Sydney’s refugee communities are brimming with solutions for the challenges they face. With a helping hand from SSI, community leaders are being resourced to create projects that close gaps and capitalise on their communities’ strengths.
Recipients of SSI’s Community Innovation Fund (CIF) recently gathered in Ashfield to showcase these projects, which include technology oriented English language classes, a peer support network for newly arrived refugees with disability, and an initiative that uses music to help refugees learn English.
Over the past five years, SSI and its partners have invested more than $5 million in initiatives like CIF that add value to its contracted programs, SSI CEO Violet Roumeliotis said.
“Drawing on feedback from communities, we have identified unmet needs and invested in initiatives to close these gaps. One such example is CIF, which was created following the 2015 decision to resettle a one-off intake of refugees from Syria and Iraq,” she said.
“We were thrilled that 12,000 people would have a safe home in Australia. We were also aware that a large portion of these families would initially settle in Fairfield and Liverpool, so it was important to ensure these communities were adequately supported.”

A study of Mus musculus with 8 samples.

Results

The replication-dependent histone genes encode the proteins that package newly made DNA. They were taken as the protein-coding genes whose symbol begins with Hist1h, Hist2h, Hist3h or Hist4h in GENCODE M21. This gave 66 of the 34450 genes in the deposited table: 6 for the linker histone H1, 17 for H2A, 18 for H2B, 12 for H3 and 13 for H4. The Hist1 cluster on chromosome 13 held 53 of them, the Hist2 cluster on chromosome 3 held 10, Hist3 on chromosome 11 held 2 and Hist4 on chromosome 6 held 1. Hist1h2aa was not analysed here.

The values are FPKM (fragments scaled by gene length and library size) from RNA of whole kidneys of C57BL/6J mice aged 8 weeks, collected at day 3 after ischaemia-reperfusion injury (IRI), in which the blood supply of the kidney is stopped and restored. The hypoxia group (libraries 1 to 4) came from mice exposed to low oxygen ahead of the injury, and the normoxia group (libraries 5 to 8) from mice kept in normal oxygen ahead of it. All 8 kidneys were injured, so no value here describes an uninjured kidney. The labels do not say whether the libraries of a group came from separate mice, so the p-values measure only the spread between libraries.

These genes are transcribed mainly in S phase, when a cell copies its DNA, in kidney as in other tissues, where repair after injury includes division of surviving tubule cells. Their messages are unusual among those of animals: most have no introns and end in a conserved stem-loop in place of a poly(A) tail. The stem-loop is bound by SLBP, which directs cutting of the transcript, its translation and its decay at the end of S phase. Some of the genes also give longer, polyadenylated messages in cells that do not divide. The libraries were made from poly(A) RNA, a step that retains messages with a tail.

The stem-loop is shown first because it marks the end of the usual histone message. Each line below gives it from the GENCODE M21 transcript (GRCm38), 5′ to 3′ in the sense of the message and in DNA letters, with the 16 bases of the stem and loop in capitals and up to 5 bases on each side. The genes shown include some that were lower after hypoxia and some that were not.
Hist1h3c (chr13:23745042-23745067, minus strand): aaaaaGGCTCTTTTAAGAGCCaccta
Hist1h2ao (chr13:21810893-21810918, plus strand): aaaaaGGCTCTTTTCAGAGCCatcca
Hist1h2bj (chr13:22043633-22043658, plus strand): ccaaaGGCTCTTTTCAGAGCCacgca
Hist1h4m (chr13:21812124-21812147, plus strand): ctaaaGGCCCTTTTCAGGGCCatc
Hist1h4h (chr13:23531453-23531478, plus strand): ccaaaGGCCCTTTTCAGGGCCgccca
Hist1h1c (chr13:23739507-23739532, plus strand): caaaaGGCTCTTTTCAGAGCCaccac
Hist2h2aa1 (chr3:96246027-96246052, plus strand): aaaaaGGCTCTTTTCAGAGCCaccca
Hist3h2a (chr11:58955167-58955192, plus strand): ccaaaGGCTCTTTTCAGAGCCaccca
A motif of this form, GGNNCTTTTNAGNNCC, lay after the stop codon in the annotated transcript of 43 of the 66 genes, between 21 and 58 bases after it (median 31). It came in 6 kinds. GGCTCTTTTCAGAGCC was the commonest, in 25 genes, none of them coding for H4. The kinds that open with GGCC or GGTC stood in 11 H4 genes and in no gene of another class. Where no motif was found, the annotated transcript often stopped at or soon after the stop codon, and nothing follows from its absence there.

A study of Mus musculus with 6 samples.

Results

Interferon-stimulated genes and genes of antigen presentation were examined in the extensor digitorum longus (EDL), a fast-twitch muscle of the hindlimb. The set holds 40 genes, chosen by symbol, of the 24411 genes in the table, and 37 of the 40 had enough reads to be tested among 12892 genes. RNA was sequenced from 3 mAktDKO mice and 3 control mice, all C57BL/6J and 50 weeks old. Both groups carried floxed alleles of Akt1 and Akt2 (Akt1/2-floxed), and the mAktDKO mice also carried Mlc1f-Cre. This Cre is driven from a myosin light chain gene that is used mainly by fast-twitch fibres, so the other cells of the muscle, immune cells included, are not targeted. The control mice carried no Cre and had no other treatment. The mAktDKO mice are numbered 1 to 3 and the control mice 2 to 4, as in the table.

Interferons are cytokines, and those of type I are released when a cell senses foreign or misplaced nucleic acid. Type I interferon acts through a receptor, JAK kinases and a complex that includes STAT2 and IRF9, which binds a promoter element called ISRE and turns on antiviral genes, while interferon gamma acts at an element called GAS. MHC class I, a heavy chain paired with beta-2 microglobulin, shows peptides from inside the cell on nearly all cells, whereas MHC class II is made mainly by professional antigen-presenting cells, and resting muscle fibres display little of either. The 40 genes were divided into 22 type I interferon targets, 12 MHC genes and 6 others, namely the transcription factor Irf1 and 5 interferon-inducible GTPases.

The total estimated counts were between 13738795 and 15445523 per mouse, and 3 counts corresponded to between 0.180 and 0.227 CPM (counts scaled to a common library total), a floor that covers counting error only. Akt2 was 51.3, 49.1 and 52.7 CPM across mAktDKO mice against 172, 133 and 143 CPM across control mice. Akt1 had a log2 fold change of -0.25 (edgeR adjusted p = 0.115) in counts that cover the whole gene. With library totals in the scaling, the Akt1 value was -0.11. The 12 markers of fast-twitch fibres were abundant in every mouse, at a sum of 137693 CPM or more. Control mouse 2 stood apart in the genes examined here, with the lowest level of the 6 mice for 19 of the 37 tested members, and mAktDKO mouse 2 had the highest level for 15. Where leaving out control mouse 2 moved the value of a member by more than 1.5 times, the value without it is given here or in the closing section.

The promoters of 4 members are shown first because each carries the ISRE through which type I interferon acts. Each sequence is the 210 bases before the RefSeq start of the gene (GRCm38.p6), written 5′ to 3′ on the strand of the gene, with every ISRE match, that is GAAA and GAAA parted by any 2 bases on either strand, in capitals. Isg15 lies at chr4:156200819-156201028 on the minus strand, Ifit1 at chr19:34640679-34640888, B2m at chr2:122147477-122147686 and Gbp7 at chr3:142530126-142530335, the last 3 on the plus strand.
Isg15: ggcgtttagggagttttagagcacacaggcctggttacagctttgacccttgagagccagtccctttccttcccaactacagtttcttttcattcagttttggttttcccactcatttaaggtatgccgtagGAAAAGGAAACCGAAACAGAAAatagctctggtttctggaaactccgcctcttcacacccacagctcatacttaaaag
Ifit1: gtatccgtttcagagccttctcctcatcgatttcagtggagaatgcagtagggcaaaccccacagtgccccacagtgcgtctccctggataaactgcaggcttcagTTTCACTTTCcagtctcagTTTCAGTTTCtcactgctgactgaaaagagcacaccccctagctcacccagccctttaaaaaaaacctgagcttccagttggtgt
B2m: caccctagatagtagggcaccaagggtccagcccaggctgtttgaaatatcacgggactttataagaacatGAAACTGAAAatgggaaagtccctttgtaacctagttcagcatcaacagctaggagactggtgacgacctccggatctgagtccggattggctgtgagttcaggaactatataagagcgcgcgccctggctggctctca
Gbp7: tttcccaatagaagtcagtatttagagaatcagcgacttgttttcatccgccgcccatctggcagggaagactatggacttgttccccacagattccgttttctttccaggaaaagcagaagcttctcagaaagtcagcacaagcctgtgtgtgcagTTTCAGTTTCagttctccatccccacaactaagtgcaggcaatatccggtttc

To identify what support was required, SSI turned to the communities themselves.
“Our intention was to build communities’ capacity to harness their own strengths. We worked hand-in-hand with south-west Sydney community leaders, local councils and other service providers to make communities stronger,” said Ms Roumeliotis.
“What makes this fund unique is that it resources community members who wouldn’t typically attract grant funding. We wanted to remove burdensome grant structures and simplify the application and monitoring process. Rather than filling out a complicated online form, for example, people pitch their ideas face to face.”
To date, SSI has funded 12 innovative projects, a number of which were on display during the ‘speed presenting’ event, where audience members split across two stations manned by CIF recipients. Over two rotating sessions, CIF participants gave sequential presentations about their initiatives and had a question and answer session.
Nehdal Amir from the Mandaean Women’s Union spoke about their hairdressing-training project, which to date has supported five newly arrived refugees from Mandaean backgrounds through an introductory hairdressing course.
The project aims to help participant overcome barriers to employment and education by introducing the basic concepts of hairdressing in Australia and providing them with industry connections and credit towards TAFE hairdressing qualifications.
“We now have many women on a waiting list to participate in the project and hope to teach more women how to find their way to hairdressing employment,” she said. “We are very grateful and thankful for SSI for supporting us to achieve our goals.”